The body of a fully clothed man was discovered in the water off a San Diego beach Monday morning — the second death believed related to a failed smuggling attempt.
A 30-foot panga was found capsized in the water early Sunday near the Ocean Beach pier, where three men were rescued by lifeguards and one man was found dead.
The second body was spotted by beachgoers around 10 a.m. Monday along the surf line off Dog Beach, north of the Ocean Beach pier, said San Diego Fire-Rescue spokesman Jose Ysea.
Lifeguards went into the water and retrieved the body of the man, who was a Latino adult. Police were notified. “At this point they believe he may be related to the panga boat incident from yesterday,” Ysea said.
The county Medical Examiner’s Office took possession of the body and will conduct an investigation to try to determine the man’s identify and how he died.
On Sunday, lifeguards and the U.S. Coast Guard searched for hours looking for other people who may have been riding in the panga before it overturned.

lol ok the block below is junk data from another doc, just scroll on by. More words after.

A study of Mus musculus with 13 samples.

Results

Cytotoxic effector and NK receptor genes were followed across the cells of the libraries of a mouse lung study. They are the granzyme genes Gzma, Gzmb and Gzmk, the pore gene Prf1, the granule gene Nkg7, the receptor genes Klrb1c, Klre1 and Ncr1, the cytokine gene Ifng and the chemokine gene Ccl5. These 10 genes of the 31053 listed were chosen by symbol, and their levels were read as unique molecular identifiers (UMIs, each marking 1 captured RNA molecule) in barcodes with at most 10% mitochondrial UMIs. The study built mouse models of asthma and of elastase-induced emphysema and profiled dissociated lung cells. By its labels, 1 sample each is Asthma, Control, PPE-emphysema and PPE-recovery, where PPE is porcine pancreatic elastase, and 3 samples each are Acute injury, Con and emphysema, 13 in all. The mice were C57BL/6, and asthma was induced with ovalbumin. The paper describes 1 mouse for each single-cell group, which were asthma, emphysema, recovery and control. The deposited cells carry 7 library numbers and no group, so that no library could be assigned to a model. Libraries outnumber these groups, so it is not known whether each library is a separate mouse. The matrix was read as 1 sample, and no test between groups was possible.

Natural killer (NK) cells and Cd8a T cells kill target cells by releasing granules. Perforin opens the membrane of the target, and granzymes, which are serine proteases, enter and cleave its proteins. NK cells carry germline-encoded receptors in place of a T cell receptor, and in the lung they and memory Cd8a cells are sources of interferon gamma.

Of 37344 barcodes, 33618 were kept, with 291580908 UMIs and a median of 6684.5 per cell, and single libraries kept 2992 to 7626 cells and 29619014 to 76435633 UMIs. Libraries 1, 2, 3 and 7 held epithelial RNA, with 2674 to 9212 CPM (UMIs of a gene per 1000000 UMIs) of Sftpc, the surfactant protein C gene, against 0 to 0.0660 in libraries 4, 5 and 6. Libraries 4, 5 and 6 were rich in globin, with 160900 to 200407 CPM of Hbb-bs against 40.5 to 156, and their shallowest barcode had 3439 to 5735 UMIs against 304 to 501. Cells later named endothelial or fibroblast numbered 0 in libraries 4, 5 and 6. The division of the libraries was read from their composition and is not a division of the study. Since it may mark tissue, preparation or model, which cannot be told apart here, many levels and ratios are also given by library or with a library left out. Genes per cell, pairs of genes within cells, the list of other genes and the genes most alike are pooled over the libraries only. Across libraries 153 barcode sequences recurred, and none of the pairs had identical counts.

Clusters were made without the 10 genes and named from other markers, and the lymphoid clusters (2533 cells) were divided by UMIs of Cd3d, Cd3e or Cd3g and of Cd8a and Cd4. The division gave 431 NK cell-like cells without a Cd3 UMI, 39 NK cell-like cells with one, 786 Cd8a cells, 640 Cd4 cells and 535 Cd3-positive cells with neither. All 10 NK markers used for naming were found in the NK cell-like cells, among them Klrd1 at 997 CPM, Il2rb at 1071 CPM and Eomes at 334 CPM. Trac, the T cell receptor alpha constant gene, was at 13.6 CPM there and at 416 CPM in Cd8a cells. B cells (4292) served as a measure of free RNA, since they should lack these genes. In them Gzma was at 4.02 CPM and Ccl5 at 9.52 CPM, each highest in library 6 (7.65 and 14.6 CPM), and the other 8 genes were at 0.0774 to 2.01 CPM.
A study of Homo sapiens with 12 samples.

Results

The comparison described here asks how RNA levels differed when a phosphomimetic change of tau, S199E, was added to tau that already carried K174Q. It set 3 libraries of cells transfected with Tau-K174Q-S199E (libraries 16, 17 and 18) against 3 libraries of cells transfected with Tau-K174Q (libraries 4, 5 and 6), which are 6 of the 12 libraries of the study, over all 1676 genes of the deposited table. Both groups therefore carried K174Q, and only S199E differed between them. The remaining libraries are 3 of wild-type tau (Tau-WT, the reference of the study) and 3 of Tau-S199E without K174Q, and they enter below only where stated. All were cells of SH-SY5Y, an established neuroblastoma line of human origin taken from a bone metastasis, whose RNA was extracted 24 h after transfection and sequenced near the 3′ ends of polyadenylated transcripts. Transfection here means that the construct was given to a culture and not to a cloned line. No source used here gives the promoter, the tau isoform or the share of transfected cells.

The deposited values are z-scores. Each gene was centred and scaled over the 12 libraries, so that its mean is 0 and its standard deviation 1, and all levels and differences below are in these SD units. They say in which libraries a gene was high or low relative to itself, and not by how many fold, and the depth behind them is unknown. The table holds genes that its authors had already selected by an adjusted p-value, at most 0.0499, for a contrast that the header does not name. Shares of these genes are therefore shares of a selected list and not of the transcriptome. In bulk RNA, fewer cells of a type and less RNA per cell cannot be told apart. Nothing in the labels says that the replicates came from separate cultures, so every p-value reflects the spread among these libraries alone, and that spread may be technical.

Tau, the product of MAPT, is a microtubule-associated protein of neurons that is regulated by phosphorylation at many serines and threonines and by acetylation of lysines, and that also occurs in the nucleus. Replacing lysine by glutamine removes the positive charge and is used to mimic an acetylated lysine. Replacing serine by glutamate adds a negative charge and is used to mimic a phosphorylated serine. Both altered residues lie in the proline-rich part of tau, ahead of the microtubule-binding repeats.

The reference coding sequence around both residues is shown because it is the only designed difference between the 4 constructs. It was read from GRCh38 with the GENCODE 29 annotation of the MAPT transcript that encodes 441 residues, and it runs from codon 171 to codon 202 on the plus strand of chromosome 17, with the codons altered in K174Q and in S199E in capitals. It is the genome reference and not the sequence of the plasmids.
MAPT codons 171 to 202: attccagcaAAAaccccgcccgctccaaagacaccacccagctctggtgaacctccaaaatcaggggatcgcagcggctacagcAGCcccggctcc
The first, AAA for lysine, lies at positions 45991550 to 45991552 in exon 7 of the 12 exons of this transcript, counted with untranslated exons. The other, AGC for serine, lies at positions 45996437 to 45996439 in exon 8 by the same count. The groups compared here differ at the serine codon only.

Boats often are used to transport undocumented migrants from Mexican waters to the United States. Pangas are low-slung boats outfitted with outboard motors — sometimes used as fishing vessels. Their low profile often allows them to go undetected as they cross the border.
Journeys by panga are often quite perilous, with smugglers tending to travel farther from shore, at night or when there is fog, to avoid being seen. Last year, three Mexican citizens died when their panga boat broke apart on rocks off Point Loma.
The first body found in the weekend incident was that of an adult male Mexican citizen, according to the Consulate General of Mexico in San Diego. His body was found near Dog Beach.
The consulate has already contacted the family of the man whose body was found Sunday. He was 37 and originally from the state of Guerrero. Staff from the consulate also visited three men who were hospitalized to offer assistance if needed, and the consulate will follow up with authorities if and when other victims are identified.
The total number of people on board the boat at the time it capsized was unknown.
Times staff writer Kate Morrissey contributed to this report.